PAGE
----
Many IT professionals rightly focus on external threats to their network security. Indeed, just one successful outside hacker or a denial-of-service attack can be enough to sideline systems for days. But today’s organizations are increasingly seeing insider leaks, which can be even more problematic because of the sensitive information available and the difficulty in detecting leaks when they occur.

Just last year, in the 2019 Insider Threat Report, Nucleus Cyber reported that 6 in 10 organizations have experienced at least one insider attack within the past year. And not all insider IT issues are deliberate; many harmful data breaches are the result of an employee’s negligent or inadvertent leak.

Is your organization just as protected against insider breaches as it is against outside attacks? Learn how companies can evaluate the strategies and tools they’re using to protect sensitive systems and data.

What Threats Do Insider Breaches Pose?

Insider breaches can be more harmful to companies in two main respects.

Detection

Many organizations have either fully shifted to cloud computing or are in the process of moving certain data and functions to an offsite server. While cloud computing can provide some major benefits to organizations of all sizes and types, it also makes it much tougher to detect an inadvertent employee breach. Often, the first sign of an employee breach occurs when this leaked data is discovered and exploited by an outside attacker.

In the 2019 Insider Threat report, 56 percent of all respondents reported that detecting insider attacks has become “significantly to somewhat” harder since moving to the cloud. And for some organizations, the outbound security processes and protocols that worked well pre-cloud had not yet been updated to account for changes in structure.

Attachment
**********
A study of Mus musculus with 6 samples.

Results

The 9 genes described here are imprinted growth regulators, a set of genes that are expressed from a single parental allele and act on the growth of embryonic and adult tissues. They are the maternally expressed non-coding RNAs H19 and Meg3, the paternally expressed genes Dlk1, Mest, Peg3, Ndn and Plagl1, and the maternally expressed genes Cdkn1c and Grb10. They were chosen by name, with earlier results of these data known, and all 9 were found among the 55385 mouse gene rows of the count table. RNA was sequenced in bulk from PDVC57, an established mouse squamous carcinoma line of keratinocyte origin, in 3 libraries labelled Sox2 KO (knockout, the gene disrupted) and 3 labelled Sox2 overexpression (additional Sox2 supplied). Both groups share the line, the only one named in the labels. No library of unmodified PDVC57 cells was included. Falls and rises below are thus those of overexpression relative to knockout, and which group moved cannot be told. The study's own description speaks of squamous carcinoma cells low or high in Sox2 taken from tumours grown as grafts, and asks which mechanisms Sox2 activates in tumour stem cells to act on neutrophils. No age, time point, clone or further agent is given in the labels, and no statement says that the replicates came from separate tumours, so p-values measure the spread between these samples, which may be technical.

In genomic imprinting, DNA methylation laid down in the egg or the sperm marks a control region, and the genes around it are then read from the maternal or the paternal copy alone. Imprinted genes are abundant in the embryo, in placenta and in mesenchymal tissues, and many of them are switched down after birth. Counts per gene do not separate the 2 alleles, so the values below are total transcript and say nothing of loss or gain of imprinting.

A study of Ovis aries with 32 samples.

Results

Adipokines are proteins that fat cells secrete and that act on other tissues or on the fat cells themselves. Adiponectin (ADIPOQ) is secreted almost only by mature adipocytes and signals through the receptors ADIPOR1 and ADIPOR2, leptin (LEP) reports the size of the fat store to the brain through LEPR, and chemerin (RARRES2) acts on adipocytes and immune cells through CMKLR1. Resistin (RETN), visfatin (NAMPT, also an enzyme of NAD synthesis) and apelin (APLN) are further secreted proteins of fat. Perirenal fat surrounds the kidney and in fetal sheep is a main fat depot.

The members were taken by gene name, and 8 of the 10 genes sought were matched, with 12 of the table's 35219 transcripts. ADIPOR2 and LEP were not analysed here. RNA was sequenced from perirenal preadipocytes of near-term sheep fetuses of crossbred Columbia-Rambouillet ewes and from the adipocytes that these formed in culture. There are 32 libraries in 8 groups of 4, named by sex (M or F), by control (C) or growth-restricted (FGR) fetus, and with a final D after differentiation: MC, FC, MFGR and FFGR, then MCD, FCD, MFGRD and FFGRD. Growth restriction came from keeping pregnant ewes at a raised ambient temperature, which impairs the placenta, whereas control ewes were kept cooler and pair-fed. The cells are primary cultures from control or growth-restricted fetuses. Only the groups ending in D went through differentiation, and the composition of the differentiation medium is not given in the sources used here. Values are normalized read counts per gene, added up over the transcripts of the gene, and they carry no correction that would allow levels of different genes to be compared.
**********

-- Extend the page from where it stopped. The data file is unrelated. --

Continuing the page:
Data Access

Firewalls and other measures used to combat outside threats create virtual walls around sensitive information, files, and programs.

But employees often need unfettered access to this data to do their jobs. This can pose a risk, and protecting against leaks and breaches can be much more complex than simply walling off data. And with more and more employees using personal devices to access their email, company logins, and other work-related applications over unsecured networks, IT professionals have found it tough to bridge all these security gaps.

How Can Organizations Prevent (and Remediate) Employees’ Data Leaks?

Most companies must adopt a multifaceted approach to combat insider threats. These can include user training, internal IT security governance programs, user activity monitoring, and two-factor authentication. Educating employees on which of their activities are high-risk can go a long way toward reducing the overall risk to your organization. Many companies are also requiring employees who work offsite to use a VPN to access network files instead of relying on their home internet or unsecured public Wifi.If you’re wondering whether your own organization’s protective mechanisms and policies could be updated, look no further than the IT professionals at FutureLink IT. We’ll help you evaluate the measures currently in place, assess your risk, and create a customized plan. Just click here to schedule your free 30-minute phone consultation with one of our experts.